York Town Square


This was Hex murder victim Nelson Rehmeyer’s copy of “The Long Lost Friend,” a target of his assailants.

Some enterprising bookshop owners are selling a CD-ROM of the book “The Long Lost Friend,” that became part of the Hex murder in York County in 1928.
The assailants in the murder case of Nelson Rehmeyer sought, among other things, the suspected witch’s copy of the book.
That book contains such advice as:

• To prevent cherries from ripening before Martinmas: “Engraft the twigs upon a mulberry tree, and your desire is accomplished.”
• To cure a headache: Say the following three times, pausing for three minutes after each repetition — “Tame thou flesh and bone, like Christ in paradise; and who will assist thee, this I tell thee (name) for your repentance-sake.” The book cautions that headaches caused by “strong drink” require a repetition every minute.
• To get rid of warts: Roast chicken feet, rub the warts with them and bury them under the eaves of your house.
Jim Lewin of the York Emporium bookstore has put the book onto disk, as described in a recent York Daily Record story:

“The Long Lost Friend” is the book of spells and incantations that played a key role in York County’s infamous Hex murder trials. According to J. Ross McInnis, a local lawyer who wrote a book about the trials, people in the region used to believe the book itself had magic properties.
Some would put a copy in the walls of their houses to ward off evil. Others, mistrustful of the book, would avoid it.
It even has a passage testifying to its own powers, stating that carrying the book will protect people from “enemies, visible or invisible”; drowning; burning; or even an “unjust sentence.”
Jim Lewin, however, won’t guarantee that carrying the CD-ROM of the book that he recently produced will provide any protection.
“Even if it counts for the electronic version, I make no claims,” Lewin joked.
He will guarantee, however, that perusing the book will give readers some fascinating insights into a form of folk medicine and magic that was widely practiced in Central Pennsylvania well into the twentieth century.
Lewin is co-owner of the York Emporium, a used bookstore at 343 W. Market St. in York. He and his fiancée and business partner, Pam Farrow, acquired the store about a year and a half ago. From the beginning, customers would occasionally ask if they had any copies of “The Long Lost Friend.”
As it turned out, a regular customer collected copies of the book. He lent Lewin and Farrow a couple.
They, in turn, converted the books to a CD-ROM format, which they sell at their store.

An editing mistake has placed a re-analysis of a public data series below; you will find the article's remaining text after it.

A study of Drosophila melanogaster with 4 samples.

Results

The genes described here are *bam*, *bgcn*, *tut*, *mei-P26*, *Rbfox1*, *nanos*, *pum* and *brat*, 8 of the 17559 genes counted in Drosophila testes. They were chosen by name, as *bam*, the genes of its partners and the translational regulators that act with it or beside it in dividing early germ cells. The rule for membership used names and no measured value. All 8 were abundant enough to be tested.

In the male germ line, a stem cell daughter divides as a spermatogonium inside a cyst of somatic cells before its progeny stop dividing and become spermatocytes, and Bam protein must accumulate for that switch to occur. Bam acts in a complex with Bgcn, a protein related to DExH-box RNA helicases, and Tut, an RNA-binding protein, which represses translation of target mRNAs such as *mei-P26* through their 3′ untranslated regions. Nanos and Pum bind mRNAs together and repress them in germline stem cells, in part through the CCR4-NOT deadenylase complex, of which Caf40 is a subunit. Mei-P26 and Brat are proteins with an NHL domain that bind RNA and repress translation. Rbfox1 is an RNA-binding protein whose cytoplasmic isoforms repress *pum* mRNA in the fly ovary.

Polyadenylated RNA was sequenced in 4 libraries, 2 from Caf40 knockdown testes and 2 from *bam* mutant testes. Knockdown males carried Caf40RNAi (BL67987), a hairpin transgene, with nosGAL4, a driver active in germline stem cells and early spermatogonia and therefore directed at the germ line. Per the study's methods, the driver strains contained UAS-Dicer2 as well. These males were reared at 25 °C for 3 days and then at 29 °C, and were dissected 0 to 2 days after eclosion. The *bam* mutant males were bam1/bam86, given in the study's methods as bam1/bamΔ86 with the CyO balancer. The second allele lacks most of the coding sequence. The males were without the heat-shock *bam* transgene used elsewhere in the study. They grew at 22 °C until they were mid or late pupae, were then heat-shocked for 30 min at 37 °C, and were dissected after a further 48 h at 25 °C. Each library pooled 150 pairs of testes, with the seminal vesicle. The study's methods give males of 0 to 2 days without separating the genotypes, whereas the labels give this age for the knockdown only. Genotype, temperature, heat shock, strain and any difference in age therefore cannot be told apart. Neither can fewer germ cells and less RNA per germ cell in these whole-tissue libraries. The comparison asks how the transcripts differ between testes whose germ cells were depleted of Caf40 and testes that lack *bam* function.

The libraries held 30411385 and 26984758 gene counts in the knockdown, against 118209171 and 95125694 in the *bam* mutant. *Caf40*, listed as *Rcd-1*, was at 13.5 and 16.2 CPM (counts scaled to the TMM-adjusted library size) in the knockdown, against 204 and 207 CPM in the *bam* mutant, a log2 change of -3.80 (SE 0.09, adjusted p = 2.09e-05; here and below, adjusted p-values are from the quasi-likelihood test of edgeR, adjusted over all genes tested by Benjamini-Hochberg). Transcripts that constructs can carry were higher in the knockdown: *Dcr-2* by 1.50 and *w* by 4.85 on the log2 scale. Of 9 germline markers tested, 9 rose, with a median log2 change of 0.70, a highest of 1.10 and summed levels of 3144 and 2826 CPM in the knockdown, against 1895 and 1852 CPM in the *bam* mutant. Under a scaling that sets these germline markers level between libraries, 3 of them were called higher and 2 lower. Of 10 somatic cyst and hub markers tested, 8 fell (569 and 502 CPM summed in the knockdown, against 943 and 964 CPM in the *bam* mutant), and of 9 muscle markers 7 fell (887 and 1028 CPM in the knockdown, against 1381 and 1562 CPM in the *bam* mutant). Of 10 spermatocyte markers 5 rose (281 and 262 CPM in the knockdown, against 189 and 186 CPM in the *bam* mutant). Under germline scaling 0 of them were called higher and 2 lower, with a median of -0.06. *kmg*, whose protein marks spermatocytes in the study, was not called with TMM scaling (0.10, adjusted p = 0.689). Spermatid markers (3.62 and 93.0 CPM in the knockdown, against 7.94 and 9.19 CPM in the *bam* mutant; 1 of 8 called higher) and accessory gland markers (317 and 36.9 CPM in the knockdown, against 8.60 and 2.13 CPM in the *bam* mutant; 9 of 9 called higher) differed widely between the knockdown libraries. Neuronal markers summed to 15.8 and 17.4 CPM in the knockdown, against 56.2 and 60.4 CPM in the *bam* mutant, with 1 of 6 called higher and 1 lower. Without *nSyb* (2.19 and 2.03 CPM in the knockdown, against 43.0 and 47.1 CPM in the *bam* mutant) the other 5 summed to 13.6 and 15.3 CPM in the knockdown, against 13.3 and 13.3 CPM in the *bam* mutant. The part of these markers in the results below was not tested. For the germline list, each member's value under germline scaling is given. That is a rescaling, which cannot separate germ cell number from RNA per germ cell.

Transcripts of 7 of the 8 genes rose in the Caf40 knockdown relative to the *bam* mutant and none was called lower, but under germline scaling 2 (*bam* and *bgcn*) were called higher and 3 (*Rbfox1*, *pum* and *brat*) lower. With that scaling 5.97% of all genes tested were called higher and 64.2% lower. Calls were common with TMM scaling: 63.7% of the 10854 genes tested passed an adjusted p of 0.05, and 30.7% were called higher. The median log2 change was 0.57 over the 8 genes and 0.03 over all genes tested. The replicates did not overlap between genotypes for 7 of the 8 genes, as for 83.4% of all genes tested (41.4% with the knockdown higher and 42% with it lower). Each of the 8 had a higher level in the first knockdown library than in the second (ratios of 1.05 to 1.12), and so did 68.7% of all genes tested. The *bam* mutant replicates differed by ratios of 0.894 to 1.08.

Lewin admitted that one of the reasons for choosing the electronic format was that it was easy and cheap. Still, the format gave them some opportunities to put the work in a broader context.
The CD-ROM contains both the English and original German versions. It also includes an 1889 scholarly paper on the “Folk-Lore of the Pennsylvania Germans” and the text of a popular 1942 book called “The Realness of Witchcraft in America.”
John George Hohman originally compiled and published “The Long Lost Friend” in the early nineteenth century.
He included a number of folk cures for afflictions ranging from warts to epilepsy, interspersed with domestic advice on
such matters as making hens lay egg and warding off rust on gun barrels. He even threw in a beer recipe.
Through no fault of Hohman’s, the book took on a certain notoriety in 1928. That’s when three men beat to death Nelson Rehmeyer, a powwow doctor from North Hopewell Township who they believed had put a hex on them, according to McInnis’ book, “Trials of Hex.” The three were trying to secure a lock of Rehmeyer’s hair and his copy of “The Long Lost Friend,” which they believed would break the hex.
The case has been in the news again recently, as Rehmeyer’s great-grandson is talking about opening the house where the murder took place as a tourist attraction.
The whole affair might not be the proudest moment in York County’s history, but it is a part of the county’s heritage nevertheless, Lewin said. He hopes his CD-ROM may help users understand it better.
“What we were thinking was that to understand the murders, you had to understand powwow,” Lewin said. “And to understand powwow, you have to understand ‘The Long Lost Friend.'”

For previous blog posts with extensive photographs about the Rehmeyer Hollow house, see:
Powwowing: ‘… It was here, and it had many adherents … , ‘Powwowing was done for good’, Hex headache cure: ‘Tame thou flesh and bone’, Relative: Evil in Hex murder came from outside, Hex murder fascinating tale of mysticism, occult: Part 1, ‘Trials of Hex’ makes sense of notorious murder case: Part 2 , Little-known facts about Hex murder trial emerge, Hex murder compared to O.J.’s, Anna Nicole Smith’s cases, Hex house visit offers surprises, Visiting the scene of the crime.